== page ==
Remembering George Formby who died 60 years ago today
Entertainer was one of the first big stars of the silver screen to hail from the Red Rose county
As life panned out it was a hectic last few months for George Formby, writes local historian Keith Johnson.
On Christmas Day 1960 his wife Beryl, who had been his constant companion for more than 36 years, died aged 59.
She had been suffering from ill health for more than three years and had been seriously ill for four months.
Formby was appearing in the pantomime Aladdin in Bristol and hearing of her worsening condition drove through the night to be at her bedside.
Unfortunately, by the time he reached their home, named ‘Beryldene’ on the promenade at Fairhaven, near Lytham, she had passed away an hour earlier.
Born in Wigan in 1904 George Formby was a stable boy from an early age at a horse racing stable in Middleham, Yorkshire, where he became an apprentice jockey.
That career path halted as he gained weight and after the death of his father George Formby Snr, a favourite Lancashire music hall star, in February 1921 he took the path on to the stage.
Initially, not wanting to make his way on the back of his father’s popularity he used the stage name George Hoy and having learned his father’s songs as a boy while playing his mouth organ he soon became popular.
It took him just over a year to gain top of the bill status at the Burnley Palace Theatre and at that point he took up the stage name George Formby.
A chance meeting with a Beryl Ingham followed and they soon became inseparable, as did the ukulele he bought for 50 shillings from a friend.
He had appeared at the Empire Theatre in Preston in December 1921 as George Hoy supporting local music hall stars and he was welcomed at the Royal Hippodrome in 1924 where he was billed as a ‘Chip Off The Old Block’.
Although that tag would soon disappear as, with the help of Beryl who he married in September 1924, he created his own brand of comedy and a refreshing musical talent developed.
His film career began a decade later with ‘Boots! Boots! and his lovable screen character led to such films as ‘No Limits’, ‘Love On The Dole’, ‘The Window Cleaner’ and ‘Keep Fit’.
Cinema audiences flocked to his films and the thrills of a horse racing jockey and a daredevil motorcyclist were among the highlights.
In 1941 he was at Horrockses Stanley Street Mill to film some scenes for his forthcoming film ‘ Turned Out Nice again’.
The popularity of his films in Preston was reflected in February 1939 when both the Ritz and the Palladium screened his latest blockbuster It’s In The Air’ at the same time.
In fact for six successive years he headed the British film box office popularity poll and his last film was ‘George In Civvy Street’ made in 1946. During the war years he had refused many lucrative film contracts, including one from Hollywood, in order to entertain the troops.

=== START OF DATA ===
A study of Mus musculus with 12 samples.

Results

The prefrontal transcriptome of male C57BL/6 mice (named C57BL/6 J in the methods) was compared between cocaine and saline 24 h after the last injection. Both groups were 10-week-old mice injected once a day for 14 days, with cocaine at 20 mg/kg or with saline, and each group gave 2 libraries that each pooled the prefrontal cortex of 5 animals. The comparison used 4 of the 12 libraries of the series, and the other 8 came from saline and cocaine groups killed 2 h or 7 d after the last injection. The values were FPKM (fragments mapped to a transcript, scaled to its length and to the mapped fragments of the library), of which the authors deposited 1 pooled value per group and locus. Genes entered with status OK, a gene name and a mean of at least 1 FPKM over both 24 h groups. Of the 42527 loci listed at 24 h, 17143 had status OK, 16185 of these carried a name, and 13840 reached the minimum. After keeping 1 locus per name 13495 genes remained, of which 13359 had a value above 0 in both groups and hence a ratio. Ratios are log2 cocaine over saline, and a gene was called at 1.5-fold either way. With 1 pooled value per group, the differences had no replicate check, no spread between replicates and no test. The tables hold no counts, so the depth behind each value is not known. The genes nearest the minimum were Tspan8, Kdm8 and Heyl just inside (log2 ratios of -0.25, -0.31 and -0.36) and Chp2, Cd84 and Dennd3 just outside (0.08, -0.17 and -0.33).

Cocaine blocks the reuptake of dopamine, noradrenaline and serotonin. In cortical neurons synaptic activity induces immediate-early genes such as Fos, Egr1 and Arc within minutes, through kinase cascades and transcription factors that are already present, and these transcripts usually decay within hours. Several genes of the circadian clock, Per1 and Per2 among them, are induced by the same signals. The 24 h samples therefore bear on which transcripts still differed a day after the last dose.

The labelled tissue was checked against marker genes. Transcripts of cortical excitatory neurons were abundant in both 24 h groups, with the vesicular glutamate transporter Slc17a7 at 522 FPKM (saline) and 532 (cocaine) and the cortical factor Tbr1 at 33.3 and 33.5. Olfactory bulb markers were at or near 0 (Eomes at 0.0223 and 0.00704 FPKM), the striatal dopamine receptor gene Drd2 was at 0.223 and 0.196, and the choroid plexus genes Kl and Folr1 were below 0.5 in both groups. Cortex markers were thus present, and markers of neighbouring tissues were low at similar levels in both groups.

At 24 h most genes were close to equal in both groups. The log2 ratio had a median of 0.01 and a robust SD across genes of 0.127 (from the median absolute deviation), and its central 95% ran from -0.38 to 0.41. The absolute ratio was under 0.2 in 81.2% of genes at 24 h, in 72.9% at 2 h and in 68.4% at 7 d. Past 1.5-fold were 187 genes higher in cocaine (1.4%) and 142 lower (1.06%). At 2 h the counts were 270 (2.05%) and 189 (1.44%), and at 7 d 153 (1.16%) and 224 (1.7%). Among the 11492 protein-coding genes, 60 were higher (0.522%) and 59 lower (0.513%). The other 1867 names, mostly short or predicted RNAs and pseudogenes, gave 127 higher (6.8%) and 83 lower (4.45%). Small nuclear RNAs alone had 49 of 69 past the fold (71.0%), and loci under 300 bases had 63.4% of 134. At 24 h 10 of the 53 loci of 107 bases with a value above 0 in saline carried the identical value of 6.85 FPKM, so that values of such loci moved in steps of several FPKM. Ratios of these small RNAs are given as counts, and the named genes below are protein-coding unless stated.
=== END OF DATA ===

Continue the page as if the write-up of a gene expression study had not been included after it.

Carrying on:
After the war he had a number of health problems, although he did periodically appear in pantomimes, stage shows and television spectaculars and in the summer of 1960 he spent the season at the Queens Theatre in Blackpool starring in ‘The Time Of Your Life’.
After the death of Beryl he was clearly distraught and although he returned to the pantomime in Bristol he was soon forced to retire from it with coronary problems.
He did, however, get local tongues wagging in mid-February 1961 when he announced his engagement to Pat Howson, of Penwortham, 36, a school teacher at St Wilfrid’s School in Preston.
It was revealed Miss Howson had known the comedian for a number of years through her father’s dealings with him as motor car salesman.
In fact, one of Formby’s trappings of fame was his Rolls Royce cars which he upgraded every year with their familiar GF1 registration plate. Unfortunately, within days he suffered a severe coronary thrombosis and was taken to St Joseph’s Hospital in Mount Street, Preston.
Miss Howson visited him daily for the next fortnight and he appeared to be on the mend, so much so that he had asked his fiancee to buy a wedding ring so they could be married on his release from hospital.
Although he appeared to be recovering, and that familiar cheeky grin had returned to his face, he suffered a relapse and died on March 6, 1961, shortly after Miss Howson had visited him.
The couple’ had plans of moving into a fully furnished mansion in Lea to start their married life when he died.
His funeral attracted huge crowds and 1,000s lined the route on his journey to Warrington Cemetery and the family grave.
There were a number of public remembrance services held for the comedian across Lancashire, and Preston held one at St Wilfrid’s Church with a Requiem Mass attended by 250.
Among the mourners were his fiancee, along with Mother Ignatius and Sister Winefride who had nursed him at the nearby St Joseph’s Hospital during his final days.
A week later the Post reported the comedian had left the bulk of his fortune, estimated at £150,000, to Miss Howson, with bequests to his mother and to his valet Harry Scott, who would receive £5,000.
The estate included his home at Fairhaven, a yacht called Lady Beryl and a Georgian mansion at Lea.
The will was contested by the Formby family and had never been fully resolved when Pat Howson died a decade later of cancer.
At a public auction held in June 1961 George Formby’s Fairhaven home was sold for £9,000 and there was much interest in his six ukuleles and 12 banjoleles, which sold for more than £700.
Among the bidders was chart topping singer and song writer Lonnie Donegan who was appearing in a Blackpool summer show.